Over time, my feelings about my disability have evolved. Growing up, I didn’t like that I had Cerebral Palsy. I wanted to fit in with my peers in school. The older I was, the harder this became. In elementary school, I went to birthday parties and played with my friends at recess.
Middle school was a different story. I didn’t fit in as easily and began feeling lonely. I didn’t have many friends in middle school and began to spend more time alone. This was when also when I started to develop depression.
Puberty was a challenging time for me as well because I began experiencing functional shifts. This was frustrating and made me sad.
In high school, I often felt like I was on the outside looking in. Sometimes, I felt like I was on a different planet than my peers. They were getting their driver’s licenses and part-time jobs, and I still kept track of how much fluid I had to drink at school.
Adulthood has brought with it an entirely new set of challenges. Nobody tells you how to be an adult, let alone an adult with Cerebral Palsy. Inclusion was always important during my childhood. I played sports, went to birthday parties, and even went to Mad Science summer camps.
Ever since turning 18, inclusion doesn’t seem to matter much anymore. It’s been incredibly challenging for me to attend college and find a job. The pandemic has also added extra challenges to daily life for most people, myself included. COVID-19 has made it very difficult for me to find a job.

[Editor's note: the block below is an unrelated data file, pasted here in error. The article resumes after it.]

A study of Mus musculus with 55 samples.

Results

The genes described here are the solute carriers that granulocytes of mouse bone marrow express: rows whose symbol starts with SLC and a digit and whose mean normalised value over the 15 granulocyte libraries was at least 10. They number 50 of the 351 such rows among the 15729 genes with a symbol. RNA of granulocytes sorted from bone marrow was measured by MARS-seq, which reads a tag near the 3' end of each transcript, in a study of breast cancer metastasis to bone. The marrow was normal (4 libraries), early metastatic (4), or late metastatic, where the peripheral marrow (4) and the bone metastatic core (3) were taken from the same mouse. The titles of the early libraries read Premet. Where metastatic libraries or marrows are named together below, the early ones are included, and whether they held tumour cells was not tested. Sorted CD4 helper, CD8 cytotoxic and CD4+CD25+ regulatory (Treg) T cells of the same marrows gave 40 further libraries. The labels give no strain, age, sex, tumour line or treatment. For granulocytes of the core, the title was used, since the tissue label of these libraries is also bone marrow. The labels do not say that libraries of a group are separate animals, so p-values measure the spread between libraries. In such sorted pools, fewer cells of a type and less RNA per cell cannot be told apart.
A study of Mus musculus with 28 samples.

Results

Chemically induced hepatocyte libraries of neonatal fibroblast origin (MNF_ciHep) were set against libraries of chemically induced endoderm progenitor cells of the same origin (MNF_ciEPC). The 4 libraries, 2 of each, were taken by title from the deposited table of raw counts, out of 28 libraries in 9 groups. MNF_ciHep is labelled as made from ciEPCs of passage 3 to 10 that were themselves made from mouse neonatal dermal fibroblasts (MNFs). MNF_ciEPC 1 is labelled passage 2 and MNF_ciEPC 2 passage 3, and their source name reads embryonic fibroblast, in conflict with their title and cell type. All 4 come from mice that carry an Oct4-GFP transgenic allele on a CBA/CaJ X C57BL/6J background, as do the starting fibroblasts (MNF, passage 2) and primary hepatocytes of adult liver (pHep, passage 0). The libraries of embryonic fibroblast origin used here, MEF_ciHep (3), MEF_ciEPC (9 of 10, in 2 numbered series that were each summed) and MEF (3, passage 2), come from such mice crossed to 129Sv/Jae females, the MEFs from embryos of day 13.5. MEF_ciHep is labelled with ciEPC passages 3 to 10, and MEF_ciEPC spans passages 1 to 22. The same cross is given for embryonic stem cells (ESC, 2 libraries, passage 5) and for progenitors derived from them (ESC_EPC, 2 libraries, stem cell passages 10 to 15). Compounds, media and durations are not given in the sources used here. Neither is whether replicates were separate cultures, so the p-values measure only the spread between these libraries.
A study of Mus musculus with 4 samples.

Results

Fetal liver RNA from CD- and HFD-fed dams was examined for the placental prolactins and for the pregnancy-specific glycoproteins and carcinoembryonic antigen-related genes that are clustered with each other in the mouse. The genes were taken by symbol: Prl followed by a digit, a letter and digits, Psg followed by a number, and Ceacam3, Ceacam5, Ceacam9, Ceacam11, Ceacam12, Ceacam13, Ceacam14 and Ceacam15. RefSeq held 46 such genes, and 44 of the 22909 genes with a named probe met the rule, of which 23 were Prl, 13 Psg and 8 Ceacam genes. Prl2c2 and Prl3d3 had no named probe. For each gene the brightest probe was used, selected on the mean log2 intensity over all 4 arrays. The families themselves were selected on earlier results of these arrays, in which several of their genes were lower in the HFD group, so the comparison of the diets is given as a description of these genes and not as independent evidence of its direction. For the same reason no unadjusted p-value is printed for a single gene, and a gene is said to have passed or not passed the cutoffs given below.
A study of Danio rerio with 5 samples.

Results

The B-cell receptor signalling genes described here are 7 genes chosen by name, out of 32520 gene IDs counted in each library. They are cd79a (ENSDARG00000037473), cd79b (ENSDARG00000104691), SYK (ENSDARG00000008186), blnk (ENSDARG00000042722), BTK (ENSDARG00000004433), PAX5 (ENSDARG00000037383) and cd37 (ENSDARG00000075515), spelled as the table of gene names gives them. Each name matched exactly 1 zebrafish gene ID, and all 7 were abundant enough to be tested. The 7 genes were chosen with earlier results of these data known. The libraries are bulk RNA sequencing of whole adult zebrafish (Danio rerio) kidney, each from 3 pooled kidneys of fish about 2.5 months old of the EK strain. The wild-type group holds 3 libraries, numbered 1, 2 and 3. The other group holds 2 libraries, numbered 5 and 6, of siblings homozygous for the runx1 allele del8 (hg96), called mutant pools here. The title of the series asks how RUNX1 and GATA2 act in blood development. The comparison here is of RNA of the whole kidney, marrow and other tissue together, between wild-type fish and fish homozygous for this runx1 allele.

Socially, I feel more isolated than ever before. I spend most of my time at home with my roommate. I usually spend most of my day in my bedroom, watching TV and on the internet. Technology has helped me keep in touch with family and friends since 2020. Technology has always been vital for me to live with a disability, even more so during the past two years.
Since I’ve grown up, I’ve learned to live with Cerebral Palsy. I’ve learned that I’ll always have limits, and that’s okay. I may never get married or drive a car. With time, I’ll embrace my limitations. Cerebral Palsy doesn’t have to mean I don’t enjoy life. It might mean that life looks different for me than it does for most people, but as long as I am happy, healthy, and surrounded by loved ones, I’ll have a good life even with Cerebral Palsy.